Tuesday, May 31, 2011

SPL Shelf Life [kids]

These reviews appeared in the Stratford Gazette on May 18, 2011 
Written by Sally Hengeveld, Librarian


The Cats of Roxville Station, by Jean Craighead George, 163 pages.
The wild cats which lived in the vicinity of the Roxville Train Station had their own hierarchy and distinct personalities, but the mission of each was survival. When Rachet, a young female housecat, was thoughtlessly abandoned near the train station by her owner, she had to learn a number of survival skills very quickly. She observed the other feral cats living near the train station closely, learning where to find food and shelter, and learning what dangers to avoid in her new neighbourhood. She learned where to hide during downpours and blizzards, and learned to stay clear of Windy, the owl and Shifty, the fox.
Mike, a foster child living in the Roxville community, had also had to learn many things quickly at a young age. His foster mother provided him with a house in which to live, but nothing more - no guidance or love. He longed for a pet – like Rachet.
The story of Rachet, her kittens, their survival and the bond that Rachet gradually develops with Mike is heart-warming and ends happily. Jean Craighead George, who wrote The Cats of Roxville Station at 90 years of age, has infused this appealing animal story with much detail and insight about feral cats and the other wildlife that often inhabit city suburbs – owls and other birds, raccoons, foxes, and skunks. In fact, George - a prolific children’s author of such books as My Side of the Mountain - was able to write so realistically about these animals because she and her children rescued and housed many small animals over the years, learning their ways and habits. Young readers will enjoy learning about them too.
** Recommended for ages 9 to 13 years.

Won Ton, by Lee Wardlaw, 30 pages.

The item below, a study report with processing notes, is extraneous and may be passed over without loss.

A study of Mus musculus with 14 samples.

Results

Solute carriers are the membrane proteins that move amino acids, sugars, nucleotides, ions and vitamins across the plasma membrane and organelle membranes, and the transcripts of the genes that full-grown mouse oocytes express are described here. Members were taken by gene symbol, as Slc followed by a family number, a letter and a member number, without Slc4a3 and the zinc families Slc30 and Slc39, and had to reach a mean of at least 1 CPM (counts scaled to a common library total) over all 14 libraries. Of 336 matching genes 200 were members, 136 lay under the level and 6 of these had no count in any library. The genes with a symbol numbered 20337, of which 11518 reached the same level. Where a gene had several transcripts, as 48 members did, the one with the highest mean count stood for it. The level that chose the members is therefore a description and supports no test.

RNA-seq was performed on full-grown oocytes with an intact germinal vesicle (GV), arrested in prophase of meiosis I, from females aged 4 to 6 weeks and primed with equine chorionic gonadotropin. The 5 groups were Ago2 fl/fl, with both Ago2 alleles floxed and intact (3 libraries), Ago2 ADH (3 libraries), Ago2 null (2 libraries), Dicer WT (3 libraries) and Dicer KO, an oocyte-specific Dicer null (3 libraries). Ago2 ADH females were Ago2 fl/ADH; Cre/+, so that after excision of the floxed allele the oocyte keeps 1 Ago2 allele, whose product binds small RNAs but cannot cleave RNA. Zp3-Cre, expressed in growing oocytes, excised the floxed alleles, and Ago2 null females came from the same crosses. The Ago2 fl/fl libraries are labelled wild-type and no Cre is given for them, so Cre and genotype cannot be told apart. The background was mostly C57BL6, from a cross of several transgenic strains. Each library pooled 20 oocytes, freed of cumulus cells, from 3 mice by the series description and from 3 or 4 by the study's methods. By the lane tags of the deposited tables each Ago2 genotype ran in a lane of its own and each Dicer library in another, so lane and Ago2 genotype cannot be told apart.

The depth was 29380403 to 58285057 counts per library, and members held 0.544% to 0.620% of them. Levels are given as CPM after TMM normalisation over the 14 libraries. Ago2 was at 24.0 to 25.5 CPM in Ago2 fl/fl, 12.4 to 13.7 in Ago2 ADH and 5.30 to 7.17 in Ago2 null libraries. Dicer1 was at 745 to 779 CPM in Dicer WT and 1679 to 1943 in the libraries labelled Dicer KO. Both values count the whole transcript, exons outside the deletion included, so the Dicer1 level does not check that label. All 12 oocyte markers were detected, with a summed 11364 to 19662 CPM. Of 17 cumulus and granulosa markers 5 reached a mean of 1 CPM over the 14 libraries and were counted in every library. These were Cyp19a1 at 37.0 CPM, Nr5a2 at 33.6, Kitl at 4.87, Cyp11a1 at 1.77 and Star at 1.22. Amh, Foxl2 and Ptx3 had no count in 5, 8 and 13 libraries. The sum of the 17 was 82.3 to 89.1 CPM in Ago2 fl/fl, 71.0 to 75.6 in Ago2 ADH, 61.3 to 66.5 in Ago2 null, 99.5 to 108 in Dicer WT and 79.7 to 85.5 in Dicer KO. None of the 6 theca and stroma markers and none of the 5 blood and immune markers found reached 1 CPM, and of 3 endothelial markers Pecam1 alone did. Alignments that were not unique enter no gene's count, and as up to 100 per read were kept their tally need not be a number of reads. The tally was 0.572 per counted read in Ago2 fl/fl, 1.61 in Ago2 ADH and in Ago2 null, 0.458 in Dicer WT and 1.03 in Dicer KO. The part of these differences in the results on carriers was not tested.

@ SPL:  JP Wardl
Won Ton, a new picture book by Lee Wardlaw,is the story of another feral cat. Won Ton is found and taken to an animal shelter. One day, his wish to be adopted is realized when a boy and his family take him home.
In his new home, Won Ton proves to have a “mind of his own”, as cats so often do. He sometimes answers to his name – and sometimes does not. At times he likes to hide; at other times he demands “his” boy’s total attention. He will play with whom he chooses, when he feels like doing so – and only then. He will not tolerate another cat in “his” backyard. He is extremely picky about his food. Instead of using a scratching post, he prefers the furniture – the newer, the better! He disdains his special cat bed, sleeping on a soft heap of socks or other clothing instead.
In true cat fashion, there is no doubt that Won Ton intends to retain his independence.
A unique feature of this charming tale is that it is written entirely in a series of “senyru”, which is a form of Japanese poetry very similar to haiku. Both forms of poetry are short, concise, and are used to “capture the essence of a moment”. In this book, it is the playful, ironic and mischievous nature of the cat, Won Ton, which the senyru so successfully captures. Paired with the expressive artwork of illustrator Eugene Yelchin, this title is a definite winner for cat-loving and animal-loving readers.
Author Lee Wardlaw’s other books include 101 Ways to Bug Your Parents and Dinosaur Pizza.
** Recommended for ages 4 to 7 years.